The Energy Technologies Institute (ETI) has appointed energy consultancy Baringa Partners to lead a new ETI bioenergy project examining the future of biomass logistics in the UK, alongside Ecofys and LLamasoft.
Utilising LLamasoft’s supply chain design software, Supply Chain Guru, the six month project will model the logistics requirements of future bioenergy scenarios, identifying commonalities and differences across the different scenarios and highlighting potentially key decision points and actions required to ensure logistics infrastructure in the UK can support a growing bioenergy sector.
The project team will start by reviewing the current status of biomass logistics infrastructure in the UK and how it has developed, while also identifying and drawing on lessons that can be learnt from the development of logistics networks in other relevant sectors such as oil, coal and other commodities.
The future bioenergy scenarios will represent a range of future options to understand the impact that decisions on technology choices and feedstock sources might have on logistics infrastructure development.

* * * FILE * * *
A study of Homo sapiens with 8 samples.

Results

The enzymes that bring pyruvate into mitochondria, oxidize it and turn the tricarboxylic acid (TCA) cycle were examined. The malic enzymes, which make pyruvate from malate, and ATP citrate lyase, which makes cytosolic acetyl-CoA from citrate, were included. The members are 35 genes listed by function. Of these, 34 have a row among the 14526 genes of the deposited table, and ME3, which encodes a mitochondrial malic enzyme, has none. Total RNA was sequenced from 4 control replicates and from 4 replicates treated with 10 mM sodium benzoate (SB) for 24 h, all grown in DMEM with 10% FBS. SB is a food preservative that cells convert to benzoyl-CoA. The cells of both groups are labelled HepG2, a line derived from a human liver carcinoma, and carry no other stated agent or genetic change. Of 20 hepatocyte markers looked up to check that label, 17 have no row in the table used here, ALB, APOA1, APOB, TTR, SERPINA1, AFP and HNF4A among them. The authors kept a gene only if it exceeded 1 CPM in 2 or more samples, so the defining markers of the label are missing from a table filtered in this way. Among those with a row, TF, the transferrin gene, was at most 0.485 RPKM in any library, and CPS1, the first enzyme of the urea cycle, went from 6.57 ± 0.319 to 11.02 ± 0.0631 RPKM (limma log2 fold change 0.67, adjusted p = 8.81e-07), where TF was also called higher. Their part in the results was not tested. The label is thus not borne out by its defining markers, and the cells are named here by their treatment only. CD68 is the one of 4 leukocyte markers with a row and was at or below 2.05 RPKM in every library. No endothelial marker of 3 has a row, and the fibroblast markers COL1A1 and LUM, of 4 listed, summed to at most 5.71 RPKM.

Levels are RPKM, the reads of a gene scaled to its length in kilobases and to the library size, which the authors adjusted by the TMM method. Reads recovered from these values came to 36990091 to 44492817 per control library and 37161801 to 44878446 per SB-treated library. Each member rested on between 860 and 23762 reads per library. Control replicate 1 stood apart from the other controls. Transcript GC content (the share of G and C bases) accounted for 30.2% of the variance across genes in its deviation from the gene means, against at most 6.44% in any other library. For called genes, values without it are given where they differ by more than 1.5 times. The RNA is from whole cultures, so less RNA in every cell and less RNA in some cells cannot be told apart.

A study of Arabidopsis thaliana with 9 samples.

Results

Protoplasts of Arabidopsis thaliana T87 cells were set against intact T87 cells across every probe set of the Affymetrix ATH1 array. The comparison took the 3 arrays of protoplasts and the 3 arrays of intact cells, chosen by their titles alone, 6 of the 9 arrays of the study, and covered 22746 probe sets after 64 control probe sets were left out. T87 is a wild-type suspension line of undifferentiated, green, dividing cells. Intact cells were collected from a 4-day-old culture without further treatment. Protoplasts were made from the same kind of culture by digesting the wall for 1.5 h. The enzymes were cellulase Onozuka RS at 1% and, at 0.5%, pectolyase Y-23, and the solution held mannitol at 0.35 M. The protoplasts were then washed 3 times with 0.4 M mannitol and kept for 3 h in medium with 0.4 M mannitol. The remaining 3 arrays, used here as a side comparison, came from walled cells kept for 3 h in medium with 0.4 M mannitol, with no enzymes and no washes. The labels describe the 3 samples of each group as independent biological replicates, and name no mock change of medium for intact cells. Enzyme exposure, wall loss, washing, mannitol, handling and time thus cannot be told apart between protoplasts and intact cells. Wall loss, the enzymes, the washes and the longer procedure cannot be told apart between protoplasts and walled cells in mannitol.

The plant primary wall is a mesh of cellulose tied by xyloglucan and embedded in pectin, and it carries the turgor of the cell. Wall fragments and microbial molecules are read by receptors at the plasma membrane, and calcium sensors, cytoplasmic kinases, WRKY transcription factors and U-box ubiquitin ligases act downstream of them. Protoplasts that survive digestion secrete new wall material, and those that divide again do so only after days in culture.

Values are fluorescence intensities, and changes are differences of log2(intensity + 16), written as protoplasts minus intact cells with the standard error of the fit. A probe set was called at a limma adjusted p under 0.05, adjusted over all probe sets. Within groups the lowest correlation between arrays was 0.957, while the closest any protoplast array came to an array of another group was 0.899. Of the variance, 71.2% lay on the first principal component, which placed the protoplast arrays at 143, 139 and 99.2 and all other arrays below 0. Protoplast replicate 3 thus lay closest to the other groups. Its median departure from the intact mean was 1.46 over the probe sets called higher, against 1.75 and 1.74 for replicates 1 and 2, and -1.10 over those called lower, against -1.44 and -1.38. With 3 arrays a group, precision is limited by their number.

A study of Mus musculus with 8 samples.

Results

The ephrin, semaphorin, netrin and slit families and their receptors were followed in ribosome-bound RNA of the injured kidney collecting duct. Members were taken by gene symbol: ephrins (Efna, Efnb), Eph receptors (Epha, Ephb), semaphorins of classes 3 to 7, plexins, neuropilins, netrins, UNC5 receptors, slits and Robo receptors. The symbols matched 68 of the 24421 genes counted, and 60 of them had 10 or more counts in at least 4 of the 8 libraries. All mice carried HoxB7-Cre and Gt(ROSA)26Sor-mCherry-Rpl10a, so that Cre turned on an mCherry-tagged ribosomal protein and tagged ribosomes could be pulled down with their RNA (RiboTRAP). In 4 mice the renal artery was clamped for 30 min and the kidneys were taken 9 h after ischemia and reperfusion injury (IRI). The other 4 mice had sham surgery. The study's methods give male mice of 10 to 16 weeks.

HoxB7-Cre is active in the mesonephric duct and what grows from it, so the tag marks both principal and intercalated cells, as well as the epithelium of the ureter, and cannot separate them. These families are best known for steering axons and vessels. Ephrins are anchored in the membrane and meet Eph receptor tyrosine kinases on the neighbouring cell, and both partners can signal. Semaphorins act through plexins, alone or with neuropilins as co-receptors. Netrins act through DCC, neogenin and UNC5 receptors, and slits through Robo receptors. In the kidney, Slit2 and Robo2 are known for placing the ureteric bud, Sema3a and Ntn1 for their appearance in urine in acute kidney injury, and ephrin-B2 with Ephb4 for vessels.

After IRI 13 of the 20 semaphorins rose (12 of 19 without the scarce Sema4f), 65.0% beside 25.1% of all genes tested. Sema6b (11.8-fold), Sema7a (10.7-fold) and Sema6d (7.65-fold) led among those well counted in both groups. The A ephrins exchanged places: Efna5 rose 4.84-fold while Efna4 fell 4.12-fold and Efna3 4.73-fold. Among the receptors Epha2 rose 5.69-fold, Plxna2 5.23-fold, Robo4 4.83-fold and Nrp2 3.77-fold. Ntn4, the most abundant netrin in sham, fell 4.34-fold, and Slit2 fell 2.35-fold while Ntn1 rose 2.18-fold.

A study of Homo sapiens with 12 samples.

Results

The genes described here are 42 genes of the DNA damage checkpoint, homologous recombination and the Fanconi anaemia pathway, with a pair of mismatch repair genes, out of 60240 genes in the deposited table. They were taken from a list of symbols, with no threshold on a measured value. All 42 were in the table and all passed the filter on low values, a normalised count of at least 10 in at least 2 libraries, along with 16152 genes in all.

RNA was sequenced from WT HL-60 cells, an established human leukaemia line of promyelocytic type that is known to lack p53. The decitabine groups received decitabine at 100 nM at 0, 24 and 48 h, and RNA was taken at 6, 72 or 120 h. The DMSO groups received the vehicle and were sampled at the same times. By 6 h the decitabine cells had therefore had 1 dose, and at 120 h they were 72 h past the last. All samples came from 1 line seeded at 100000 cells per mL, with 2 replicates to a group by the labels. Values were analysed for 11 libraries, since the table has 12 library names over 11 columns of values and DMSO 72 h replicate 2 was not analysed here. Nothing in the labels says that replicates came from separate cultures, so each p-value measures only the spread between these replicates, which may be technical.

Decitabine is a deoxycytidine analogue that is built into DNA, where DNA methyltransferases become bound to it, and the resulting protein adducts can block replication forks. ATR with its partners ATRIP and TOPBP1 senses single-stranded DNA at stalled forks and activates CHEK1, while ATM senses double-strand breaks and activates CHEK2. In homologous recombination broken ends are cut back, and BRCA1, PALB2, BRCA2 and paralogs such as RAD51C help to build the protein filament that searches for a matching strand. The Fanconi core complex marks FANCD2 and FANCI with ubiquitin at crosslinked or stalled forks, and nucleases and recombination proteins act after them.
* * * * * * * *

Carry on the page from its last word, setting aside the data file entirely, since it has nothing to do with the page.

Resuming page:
“ETI’s whole energy system analysis shows that bioenergy can play a significant and valuable role in helping the UK meet its 2050 greenhouse gas emission reduction targets cost-effectively, especially when combined with carbon capture and storage (CCS),” Andrew Thomas, ETI bioenergy project manager, said.
“Together they can deliver net negative emissions of around 55 million tonnes a year, and meet around 10% of UK energy demand in the 2050s, ultimately reducing the cost of meeting the UK’s greenhouse gas (GHG) emission reduction targets by more than 1% of GDP. In the absence of CCS, bioenergy is still a cost-effective means of decarbonisation and should play an important role in meeting the 2050 emissions target.
“Delivering the greatest value from bioenergy depends on the UK’s ability to source and distribute sufficient biomass from sustainable sources, either domestic or imported. While UK sourced biomass offers the greatest energy security and sustainability benefits in the longer-term, sustainably sourced biomass imports will continue to be important,” he added.
John Calder from Baringa Partners said: “There are a number of key strategic questions to be addressed around the UK ports, road and rail network, inland and coastal waterways and storage across the supply chain to ensure it is setup to meet the future needs of the biomass sector.”